September 11th, 2022

House Ways and Means Chair Joey Sarte Salceda (Albay, 2nd district) slammed the statement of the Philippine Amusement and Gaming Corporation (PAGCOR) in yesterday’s budget briefing with the House of Representatives which blamed Republic Act No. 11590, or the POGO Tax Regime, principally authored and sponsored by Salceda, as the reason for low tax collections from offshore gaming.

“I understand because of the high gaming tax of the POGO,” Juanito Sanosa Jr., Pagcor president and chief operating officer said during the briefing yesterday.

In response, Salceda said today that “blaming a tax law that was only fully implemented in December 2021 for low tax collections, when all evidence points to a POGO revival by the later quarters is bizarre to say the least.”

“I can’t believe that people will use one quarter of performance of a tax law as basis for amendments. Doesn’t that look a little too agenda-driven rather than evidence-driven? It’s Marites-driven policymaking.” Salceda said, making use of common Filipino lingo for gossipers.

Salceda pointed to property market data which shows that offshore gaming is due for a recovery in the succeeding quarters of the year.

“According to property market expert Leechiu Consultants, there were 21 thousand square meters of new POGO office space leased by around Q2 of 2022. That means the POGOs have adjusted to our laws already, and they are now more comfortable with our regulatory regime. That’s what regulatory certainty does,” Salceda said.

“And because they are now taxed fairly, they are regulated well, and we imposed transparency standards on the sector, they are no longer stigmatized as much. Because of that, office leases for POGOs are up starting May, and we will likely see the tax consequence of that development by Q2 or Q3 of this year.”

“On the other hand, if you look at the POGO transactions for office space during the height of COVID-19 from Q2 2020 to Q4 2022, you will see that almost zero new office space was leased by POGOs. That should explain revenue performance. So that’s the cause, not RA 11590, which gave them more solid footing.”

“Property data shows recovery. BIR Commissioner Lilia Guillermo also said they are seeing POGO tax revenues pick up. Tax policy takes time to work, and China is still in zero-COVID policy, which was not anticipated. But, our tax authorities and our property sector data is already showing recovery. So, why change the law, especially this early?”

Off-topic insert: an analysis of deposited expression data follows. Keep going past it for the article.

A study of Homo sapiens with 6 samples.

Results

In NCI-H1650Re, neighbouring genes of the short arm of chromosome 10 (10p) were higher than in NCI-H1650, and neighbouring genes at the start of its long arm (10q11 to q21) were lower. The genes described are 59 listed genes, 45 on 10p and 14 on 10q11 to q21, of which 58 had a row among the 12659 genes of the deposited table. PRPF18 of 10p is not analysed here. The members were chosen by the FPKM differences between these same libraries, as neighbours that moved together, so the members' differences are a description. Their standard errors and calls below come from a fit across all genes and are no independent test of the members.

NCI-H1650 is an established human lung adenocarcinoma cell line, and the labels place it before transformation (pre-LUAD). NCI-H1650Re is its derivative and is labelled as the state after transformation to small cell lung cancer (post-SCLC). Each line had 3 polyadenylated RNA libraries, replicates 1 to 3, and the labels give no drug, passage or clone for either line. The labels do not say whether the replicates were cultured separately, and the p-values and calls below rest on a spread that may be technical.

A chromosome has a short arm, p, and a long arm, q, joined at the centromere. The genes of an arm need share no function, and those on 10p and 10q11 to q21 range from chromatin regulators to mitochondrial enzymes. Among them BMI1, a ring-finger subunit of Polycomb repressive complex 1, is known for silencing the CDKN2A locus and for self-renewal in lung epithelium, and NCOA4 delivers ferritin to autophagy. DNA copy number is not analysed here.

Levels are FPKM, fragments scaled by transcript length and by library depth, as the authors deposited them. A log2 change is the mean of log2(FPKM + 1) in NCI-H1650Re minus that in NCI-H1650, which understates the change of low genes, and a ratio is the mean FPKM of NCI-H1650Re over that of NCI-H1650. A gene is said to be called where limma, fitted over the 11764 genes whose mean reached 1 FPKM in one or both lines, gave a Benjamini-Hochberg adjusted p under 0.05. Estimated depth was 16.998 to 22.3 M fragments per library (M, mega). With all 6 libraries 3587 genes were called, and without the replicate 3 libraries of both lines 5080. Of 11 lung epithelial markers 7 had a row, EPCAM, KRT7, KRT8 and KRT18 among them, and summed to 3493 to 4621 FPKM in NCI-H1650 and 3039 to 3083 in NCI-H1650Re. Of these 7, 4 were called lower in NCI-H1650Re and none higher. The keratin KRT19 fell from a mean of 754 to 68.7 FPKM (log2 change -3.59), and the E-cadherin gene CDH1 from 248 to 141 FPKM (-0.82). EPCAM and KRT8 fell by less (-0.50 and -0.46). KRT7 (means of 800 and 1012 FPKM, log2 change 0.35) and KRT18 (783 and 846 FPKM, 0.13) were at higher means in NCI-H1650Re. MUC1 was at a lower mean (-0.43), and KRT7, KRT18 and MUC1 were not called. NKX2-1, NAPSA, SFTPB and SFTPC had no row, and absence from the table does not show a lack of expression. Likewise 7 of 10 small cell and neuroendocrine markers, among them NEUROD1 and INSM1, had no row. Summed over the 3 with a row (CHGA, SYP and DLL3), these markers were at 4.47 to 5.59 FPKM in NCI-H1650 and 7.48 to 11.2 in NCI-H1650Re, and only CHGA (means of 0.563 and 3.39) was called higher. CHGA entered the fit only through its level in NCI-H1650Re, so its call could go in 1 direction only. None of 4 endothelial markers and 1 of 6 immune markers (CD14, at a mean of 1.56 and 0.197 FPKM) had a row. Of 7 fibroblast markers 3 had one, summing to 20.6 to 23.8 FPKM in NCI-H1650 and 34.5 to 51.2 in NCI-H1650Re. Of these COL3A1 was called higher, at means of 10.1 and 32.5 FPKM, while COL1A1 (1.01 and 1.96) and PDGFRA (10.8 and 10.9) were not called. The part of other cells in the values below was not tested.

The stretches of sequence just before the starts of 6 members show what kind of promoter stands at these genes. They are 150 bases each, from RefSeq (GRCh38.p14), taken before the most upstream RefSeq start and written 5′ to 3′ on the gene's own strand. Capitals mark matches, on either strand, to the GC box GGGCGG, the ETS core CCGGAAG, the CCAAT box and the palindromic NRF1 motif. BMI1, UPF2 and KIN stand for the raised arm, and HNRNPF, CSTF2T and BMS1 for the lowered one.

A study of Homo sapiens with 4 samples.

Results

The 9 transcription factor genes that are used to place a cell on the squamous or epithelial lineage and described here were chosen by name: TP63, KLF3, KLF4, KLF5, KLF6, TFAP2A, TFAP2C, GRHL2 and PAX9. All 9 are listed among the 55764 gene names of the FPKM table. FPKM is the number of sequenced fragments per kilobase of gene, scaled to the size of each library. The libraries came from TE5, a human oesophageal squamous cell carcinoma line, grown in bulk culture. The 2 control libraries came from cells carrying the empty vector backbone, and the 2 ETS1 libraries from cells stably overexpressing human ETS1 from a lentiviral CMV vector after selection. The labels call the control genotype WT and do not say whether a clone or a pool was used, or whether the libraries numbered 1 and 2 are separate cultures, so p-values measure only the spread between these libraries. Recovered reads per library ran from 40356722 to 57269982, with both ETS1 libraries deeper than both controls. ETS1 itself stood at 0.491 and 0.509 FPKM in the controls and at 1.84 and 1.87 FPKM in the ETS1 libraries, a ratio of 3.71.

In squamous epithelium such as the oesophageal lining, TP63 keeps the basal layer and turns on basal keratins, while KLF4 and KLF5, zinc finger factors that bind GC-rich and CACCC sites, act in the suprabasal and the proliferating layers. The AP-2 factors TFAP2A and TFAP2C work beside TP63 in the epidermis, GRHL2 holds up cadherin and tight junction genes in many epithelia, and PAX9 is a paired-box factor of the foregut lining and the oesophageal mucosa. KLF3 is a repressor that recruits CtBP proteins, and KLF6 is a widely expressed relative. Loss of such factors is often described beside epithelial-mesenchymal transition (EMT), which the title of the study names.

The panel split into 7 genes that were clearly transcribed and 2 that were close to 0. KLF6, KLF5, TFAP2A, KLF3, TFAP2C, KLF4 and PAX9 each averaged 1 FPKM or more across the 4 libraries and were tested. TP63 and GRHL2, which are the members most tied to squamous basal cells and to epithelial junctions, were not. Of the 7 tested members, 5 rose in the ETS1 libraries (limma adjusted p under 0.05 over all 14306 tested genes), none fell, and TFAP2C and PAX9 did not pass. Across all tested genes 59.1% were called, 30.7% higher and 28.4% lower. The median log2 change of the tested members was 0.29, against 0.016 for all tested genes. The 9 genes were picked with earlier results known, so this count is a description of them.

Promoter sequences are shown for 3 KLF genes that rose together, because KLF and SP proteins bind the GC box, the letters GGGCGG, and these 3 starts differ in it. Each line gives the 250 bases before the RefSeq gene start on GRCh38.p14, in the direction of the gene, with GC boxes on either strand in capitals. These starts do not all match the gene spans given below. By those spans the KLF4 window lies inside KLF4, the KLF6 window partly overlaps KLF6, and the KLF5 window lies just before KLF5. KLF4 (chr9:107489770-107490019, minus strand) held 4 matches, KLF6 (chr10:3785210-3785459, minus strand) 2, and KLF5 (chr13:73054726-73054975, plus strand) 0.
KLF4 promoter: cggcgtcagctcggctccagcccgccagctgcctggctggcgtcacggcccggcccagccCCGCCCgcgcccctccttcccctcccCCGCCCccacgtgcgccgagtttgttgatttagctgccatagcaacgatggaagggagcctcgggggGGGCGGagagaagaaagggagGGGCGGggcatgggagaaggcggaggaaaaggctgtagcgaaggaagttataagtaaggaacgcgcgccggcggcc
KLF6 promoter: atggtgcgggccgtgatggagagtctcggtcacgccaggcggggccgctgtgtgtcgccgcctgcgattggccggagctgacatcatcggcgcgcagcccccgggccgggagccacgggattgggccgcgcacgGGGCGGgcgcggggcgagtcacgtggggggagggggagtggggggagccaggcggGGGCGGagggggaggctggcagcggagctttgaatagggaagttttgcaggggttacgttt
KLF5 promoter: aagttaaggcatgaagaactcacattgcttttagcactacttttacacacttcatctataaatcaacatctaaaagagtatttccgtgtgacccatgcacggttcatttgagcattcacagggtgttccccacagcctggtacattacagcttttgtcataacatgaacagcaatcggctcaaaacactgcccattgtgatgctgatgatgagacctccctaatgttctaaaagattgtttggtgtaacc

Salceda also emphasized that RA 11590 “corrected an unfair and obnoxious tax rate which was suddenly inserted in Bayanihan 2 without prior consideration of the Committee on Ways and Means, and which was correctly assailed as constitutionally impaired.”

“And what happened during those dates when no POGO was leasing any office space? One, of course the pandemic slowed down the market, especially since China adopted very stringent lockdowns. Two, in Bayanihan 2, some legislators inserted a provision that taxed POGOs at 5% of gross bets, which are not sales, instead of 5% of revenues. The Bayanihan 2 POGO tax was going to tax them 20 times the standard tax rate for casinos. So, that insertion was deemed egregious and was eventually halted by the Supreme Court.”

“And mind you, that insertion did not pass through my Committee, the committee on ways and means, where tax policy is constitutionally mandated to originate. So, there are legitimate concerns about the constitutionality of that insertion.”

“What RA 11590 did was to correct that policy misjudgment by imposing a tax rate that aligns with global standards and our own rates on casinos. RA 11590 went through the process, and was supported strongly by President Duterte and the Department of Finance. Pantay lang kumbaga sa kung ano ang meron na tayo.”

“I don’t know what PAGCOR was saying about making our tax rates more competitive for POGOs. What are we going to do? Will I tell local casinos like Solaire, Resorts World, and Okada that actually, we will tax POGOs at a lower rate than we tax them, because we are trying to promote POGOs as an economic sector? Are we supposed to adopt a policy of promoting POGOs as a business sector? Allow them as a regulated sector, yes. Tax them fairly, yes. Promote them with lower tax rates than domestic counterparts? That’s absurd.”

“I’m committed to helping PAGCOR recover and become a stronger institution. I’m already helping them out with their privatization of casinos. I’ve defended them and their regulatory functions. And I’m glad the new Chairman, Al Tengco, was quick to disclaim that he just started on the job so he has to check the data, rather than coming so quick to an unfounded conclusion like Sanosa did. I take serious offense, because unfounded assertions by government officials can lead to bad policy.”

“By all means, I will study any new proposal to amend the law, as is my duty as tax chairman of the House. But I will NOT suffer foolish statements on tax policy gladly,” Salceda said.